Christmas is once a year, every year. Most parents do their best to make it a pleasant and cheerful period for their children.  It is a time for reconciliation and peace. For those who are forced to co-parent, this may not be the case.  For co-parents the thought of collaborating with an ex or other significant person in the children’s lives, to make Christmas arrangements for the children, can be unnerving especially where there is high conflict in deciding where should children spend their Christmas. 

When emotions are still raw and/or there is no prospect of reasonable communication, an arrangement that can be cordially made may become a stressful experience for the children. It can be difficult to figure out how to start making these parenting arrangements for the children ahead of Christmas. You can find it daunting to deal with the intricacies of what will be a reasonable parenting arrangement for the children during Christmas and how you can make an arrangement that is child-focused and in the children’s best interest.

Where should children spend their Christmas this year? Ask early! 

First, it is beneficial to start working out the children’s spend time with arrangements for Christmas early. Ideally, prior to December, when there is still time to deliberate and work out a reasonable and suitable Christmas arrangement that will first and foremost suit the Children and is stress free. If you are starting such discussions late or have only started considering them or you have been approached by the other person to discuss the Christmas arrangements for the children do not panic. Use your best endeavours to ensure that you sort the Christmas arrangements for the children within reasonable time and as soon as practicable.

Make crucial times count 

Secondly, it is important to consider the crucial times the children may spend with each parent. These times include Christmas Eve, Christmas Day, Boxing Day, New Year's Eve and New Year's Day and any birthdays that fall within this period. It is also important to consider the location for the changeover.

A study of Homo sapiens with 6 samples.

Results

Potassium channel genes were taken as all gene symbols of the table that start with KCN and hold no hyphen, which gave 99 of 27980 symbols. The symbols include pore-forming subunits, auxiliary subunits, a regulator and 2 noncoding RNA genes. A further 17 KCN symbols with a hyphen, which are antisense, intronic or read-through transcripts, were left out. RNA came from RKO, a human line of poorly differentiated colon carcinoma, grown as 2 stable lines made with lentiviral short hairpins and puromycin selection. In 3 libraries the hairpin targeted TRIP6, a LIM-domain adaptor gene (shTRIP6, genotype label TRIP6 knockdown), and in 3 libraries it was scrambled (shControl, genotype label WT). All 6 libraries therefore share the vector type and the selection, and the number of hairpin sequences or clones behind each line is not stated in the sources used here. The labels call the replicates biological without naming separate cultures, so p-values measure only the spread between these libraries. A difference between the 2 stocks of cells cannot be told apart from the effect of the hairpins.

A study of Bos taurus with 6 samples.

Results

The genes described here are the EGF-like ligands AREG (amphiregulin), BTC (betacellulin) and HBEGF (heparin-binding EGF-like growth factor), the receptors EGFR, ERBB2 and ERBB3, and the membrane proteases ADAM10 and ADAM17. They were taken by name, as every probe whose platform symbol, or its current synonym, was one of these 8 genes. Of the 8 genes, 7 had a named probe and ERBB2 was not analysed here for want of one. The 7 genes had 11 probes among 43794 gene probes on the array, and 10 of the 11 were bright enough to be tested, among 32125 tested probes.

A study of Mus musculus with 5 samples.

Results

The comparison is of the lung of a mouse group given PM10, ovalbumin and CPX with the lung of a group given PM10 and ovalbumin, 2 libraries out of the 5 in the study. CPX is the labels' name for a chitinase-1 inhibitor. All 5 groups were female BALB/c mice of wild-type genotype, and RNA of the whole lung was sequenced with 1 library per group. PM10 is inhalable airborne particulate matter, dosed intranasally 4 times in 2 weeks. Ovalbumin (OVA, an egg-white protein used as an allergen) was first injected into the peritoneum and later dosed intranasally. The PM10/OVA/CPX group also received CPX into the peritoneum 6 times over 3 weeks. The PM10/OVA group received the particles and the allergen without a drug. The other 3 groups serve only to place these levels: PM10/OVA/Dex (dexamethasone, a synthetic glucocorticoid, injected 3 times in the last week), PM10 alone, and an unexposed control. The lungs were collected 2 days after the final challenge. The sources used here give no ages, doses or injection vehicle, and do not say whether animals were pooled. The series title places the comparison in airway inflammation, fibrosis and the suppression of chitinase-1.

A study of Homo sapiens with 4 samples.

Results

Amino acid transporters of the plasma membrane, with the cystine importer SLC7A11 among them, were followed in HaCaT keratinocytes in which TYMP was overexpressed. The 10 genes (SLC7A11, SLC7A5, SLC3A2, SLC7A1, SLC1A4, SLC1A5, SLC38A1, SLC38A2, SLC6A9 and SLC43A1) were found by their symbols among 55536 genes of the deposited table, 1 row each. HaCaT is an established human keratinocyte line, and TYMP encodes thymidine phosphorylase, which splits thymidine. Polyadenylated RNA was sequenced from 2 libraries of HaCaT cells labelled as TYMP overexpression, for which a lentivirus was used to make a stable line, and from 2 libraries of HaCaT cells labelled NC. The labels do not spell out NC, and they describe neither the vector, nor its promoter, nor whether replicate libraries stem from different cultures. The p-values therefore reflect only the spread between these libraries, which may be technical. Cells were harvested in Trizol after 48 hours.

Consider your kids' safety this Christmas

Finally, any Christmas arrangement should be child-focused and in the children’s best interest. It is in the children’s interest to spend time with both parents and other significant persons in the children’s lives they have a relationship with, if it's safe and practical to do so. Just because it is Christmas season do not make arrangements for the children to spend time with another person if it’s unsafe for the child and/or impractical.  An impractical arrangement may include an arrangement where a child or children are made to travel for at least two hours on Christmas Day to spend time with the other party or expecting a child to be returned at midnight. However, each family law matter is different and unique and arrangements should be made based on the facts and dynamics of your situation.

Ultimately, the goal is to make Christmas stress-free for the children and to provide the children with an enjoyable and memorable Christmas experience. Both parties can attempt to collaborate or negotiate a workable child-focused and practical arrangement without the involvement of lawyers or the court. A court order may not be necessary. Simply ensure that any agreement reached is clearly recorded in writing. This can be a drafted parenting plan for the Christmas period, an email between the parties, or a text message. This is so that your arrangements are clear and easily referred to in the future. 

You can seek help from an experienced solicitor if an agreement cannot be reached.  At first instance, a solicitor can assist you by providing you with advice and tools that you can use to support the private discussions between you, and if it proceeds to a mediation then in mediation. The solicitor can equally write to the other party on your behalf, subject to your instructions.

Should you require support, New South Lawyers have a team of experienced family lawyers who understand the difficulties parents and significant persons in a child’s life face when it comes to making decisions for children. Feel free to contact us for a free, short, no obligation chat.

New South Lawyers’ communications are intended to provide commentary and general information. They should not be relied upon as legal advice. Formal legal advice should be sought in particular transactions or on matters of interest arising from this communication.

To find out more, chat with a member of New South Lawyers' Family Law Team today.